A clip created to represent a smaller segment of a larger video file.

Misha Tenenbaum avatar
Written by Misha Tenenbaum
Updated over a week ago

Editors often look for ways to manage long video files into workable segments called Subclips that can be separately organized, quickly referenced, and edited into the timeline. The original clip the editor extracts subclips from is often referred to as the Master Clip.


Sometimes a Director will instruct an actor to do a specific action or say a few lines of dialogue multiple times before calling “cut”. These multiple takes live on one media file and are called a Series. It is noted as SER for short, which is typically written on the slate to inform the editor that there are multiple takes. This approach can give themselves more options when editing together the final project. During the editing process, the strongest performance that works well for the story is selected.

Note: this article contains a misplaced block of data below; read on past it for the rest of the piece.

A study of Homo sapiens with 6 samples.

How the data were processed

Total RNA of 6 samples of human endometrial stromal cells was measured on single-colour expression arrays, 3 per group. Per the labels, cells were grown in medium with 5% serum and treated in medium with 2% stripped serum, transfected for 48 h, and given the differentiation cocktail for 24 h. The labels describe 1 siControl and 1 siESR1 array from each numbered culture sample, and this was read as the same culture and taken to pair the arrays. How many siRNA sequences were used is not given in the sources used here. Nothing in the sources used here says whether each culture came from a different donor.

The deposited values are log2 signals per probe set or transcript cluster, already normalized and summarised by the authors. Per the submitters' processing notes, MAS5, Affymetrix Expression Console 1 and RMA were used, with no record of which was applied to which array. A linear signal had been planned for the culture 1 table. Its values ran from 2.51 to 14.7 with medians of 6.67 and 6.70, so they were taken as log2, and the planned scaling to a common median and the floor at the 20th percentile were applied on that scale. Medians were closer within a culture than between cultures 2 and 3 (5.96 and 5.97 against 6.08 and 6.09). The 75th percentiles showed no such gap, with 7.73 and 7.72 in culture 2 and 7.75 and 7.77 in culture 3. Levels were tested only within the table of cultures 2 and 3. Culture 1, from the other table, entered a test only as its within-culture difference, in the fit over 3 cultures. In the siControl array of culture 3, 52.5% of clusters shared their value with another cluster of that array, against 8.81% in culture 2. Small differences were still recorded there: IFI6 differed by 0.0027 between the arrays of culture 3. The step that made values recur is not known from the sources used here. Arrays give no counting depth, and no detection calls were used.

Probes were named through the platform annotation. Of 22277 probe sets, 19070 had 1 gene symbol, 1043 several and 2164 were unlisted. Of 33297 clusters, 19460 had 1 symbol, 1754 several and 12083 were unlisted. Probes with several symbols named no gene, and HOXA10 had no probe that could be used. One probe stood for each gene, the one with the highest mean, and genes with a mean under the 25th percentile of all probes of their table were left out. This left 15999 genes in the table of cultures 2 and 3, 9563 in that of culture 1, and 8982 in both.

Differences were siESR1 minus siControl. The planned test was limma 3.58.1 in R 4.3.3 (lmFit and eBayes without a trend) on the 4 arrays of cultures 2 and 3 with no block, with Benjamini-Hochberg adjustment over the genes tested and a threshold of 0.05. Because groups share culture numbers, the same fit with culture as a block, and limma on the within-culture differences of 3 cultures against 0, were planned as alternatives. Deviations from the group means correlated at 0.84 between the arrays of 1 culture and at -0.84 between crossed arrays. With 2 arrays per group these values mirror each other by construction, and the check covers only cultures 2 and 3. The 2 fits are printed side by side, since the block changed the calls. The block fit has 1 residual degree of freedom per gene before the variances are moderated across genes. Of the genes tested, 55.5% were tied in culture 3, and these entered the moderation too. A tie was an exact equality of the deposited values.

Restarts vs Pickups

During production, the Director may ask the actors to reset their positions back to where they were standing when the scene began. An assistant editor will name these moments in the clip Restarts. In some instances, the Director may ask the actors to pick up their performance at a specific line or action in the middle of the scene, instead of going back to the beginning. An assistant editor will name these moments in the clip Pickups because they are partially restarted scenes.


Many times, an Editor will ask the Assistant Editor to create a Subclip of each take, when there are multiple takes on one clip. Subclipping allows the editor to separate long files as if they were individual takes.

Often, onset paperwork such as the Facing Page provided by the Script Supervisor will be used by the Assistant Editor to identify what takes contain series when preparing subclips.